Goldman Sachs Asset Management has closed its onshore business in Korea after five years of losing money. The decision will also put an end to a sub-advisory relationship with Tong Yang Asset Management, as that was meant to give GSAM a window toward selling local products to local investors.

Market sources say the deal shows the danger of being too reliant on institutional business. Fees in Korea are very low, given the number of domestic fund houses, all of them backed by larger financial institutions, which are willing to do business at rock-bottom rates.

For example, fees for domestic fixed income mandates from local institutional investors are typically 3-5 basis points, the sort of pricing that would be associated with money markets in countries such as the US.

With $4 billion of assets under management in Korea, GSAM’s operation lacked the scale to make such low-margin business succeed.

When GSAM entered the market by acquiring Macquarie-IMM Investment Management in 2007, it inherited a $11.3 billion business, focused mainly on fixed income. The ambition at the time had been to reinvent the business around global Reit and infrastructure funds.

That didn’t last, although GSAM did also provide domestic equity funds, including a flagship fund managed by Kevin Ohn whose performance was top in 2011, earning it an award by AsianInvestor earlier this year.

However, such performance was partly due to the fund’s small size: what made it nimble in the markets also made it unattractive to big domestic institutions looking to write chunky tickets.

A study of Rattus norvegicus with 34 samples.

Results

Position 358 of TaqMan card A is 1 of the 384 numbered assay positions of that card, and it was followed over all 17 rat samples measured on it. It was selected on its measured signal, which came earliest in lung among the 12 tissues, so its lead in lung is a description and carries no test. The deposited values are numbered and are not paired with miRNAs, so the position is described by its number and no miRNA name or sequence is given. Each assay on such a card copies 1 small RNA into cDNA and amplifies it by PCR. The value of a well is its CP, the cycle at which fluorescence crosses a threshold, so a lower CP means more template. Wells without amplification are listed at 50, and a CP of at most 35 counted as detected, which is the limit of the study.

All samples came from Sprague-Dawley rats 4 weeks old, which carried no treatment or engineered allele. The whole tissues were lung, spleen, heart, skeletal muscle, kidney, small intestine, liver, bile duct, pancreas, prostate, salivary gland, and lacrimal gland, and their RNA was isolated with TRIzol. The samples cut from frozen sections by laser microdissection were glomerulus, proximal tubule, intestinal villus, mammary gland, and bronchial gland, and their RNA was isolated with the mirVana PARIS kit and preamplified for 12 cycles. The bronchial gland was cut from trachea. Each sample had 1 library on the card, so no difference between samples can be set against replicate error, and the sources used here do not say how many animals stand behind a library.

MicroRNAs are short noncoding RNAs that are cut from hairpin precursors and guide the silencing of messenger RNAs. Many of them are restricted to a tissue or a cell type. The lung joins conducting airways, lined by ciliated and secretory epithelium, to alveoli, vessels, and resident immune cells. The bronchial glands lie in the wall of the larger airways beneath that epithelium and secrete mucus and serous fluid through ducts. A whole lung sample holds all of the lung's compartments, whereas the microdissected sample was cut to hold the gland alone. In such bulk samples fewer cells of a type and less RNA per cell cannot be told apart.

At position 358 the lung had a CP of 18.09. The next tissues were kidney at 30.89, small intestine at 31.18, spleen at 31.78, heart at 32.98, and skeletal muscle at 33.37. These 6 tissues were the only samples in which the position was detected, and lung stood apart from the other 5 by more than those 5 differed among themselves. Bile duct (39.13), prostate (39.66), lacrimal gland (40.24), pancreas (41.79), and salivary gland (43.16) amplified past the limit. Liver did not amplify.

Without the capacity to attract the likes of the $340 billion National Pension Service, GSAM’s equity offering could not generate profits, and efforts to tap retail or other markets – including via Tong Yang AM – could not make up the difference.

Institutional investors in Korea will typically pay around 20-30 basis points for an equity mutual fund, versus the 60-70bps that can be charged to retail customers.

Other foreign fund houses are also under business pressure in Korea, but GSAM’s reliance on institutional and fixed-income business was “extreme”, according to one market source.

He adds that GSAM reputedly paid high salaries relative to its market peers. The combination of those costs with ultra-low fee revenue and insufficient scale have forced the firm to pull out.

GSAM will wind up its local business over the next six months. The fate of its staff is unclear, although a spokesman says the firm hopes to place as many people as it can with other parts of the Goldman Sachs group, either in Seoul or elsewhere.

The parts of the GSAM Korea business that ran money for the firm’s global mandates will be transferred to Singapore, along with at least some of the Seoul-based investment team members.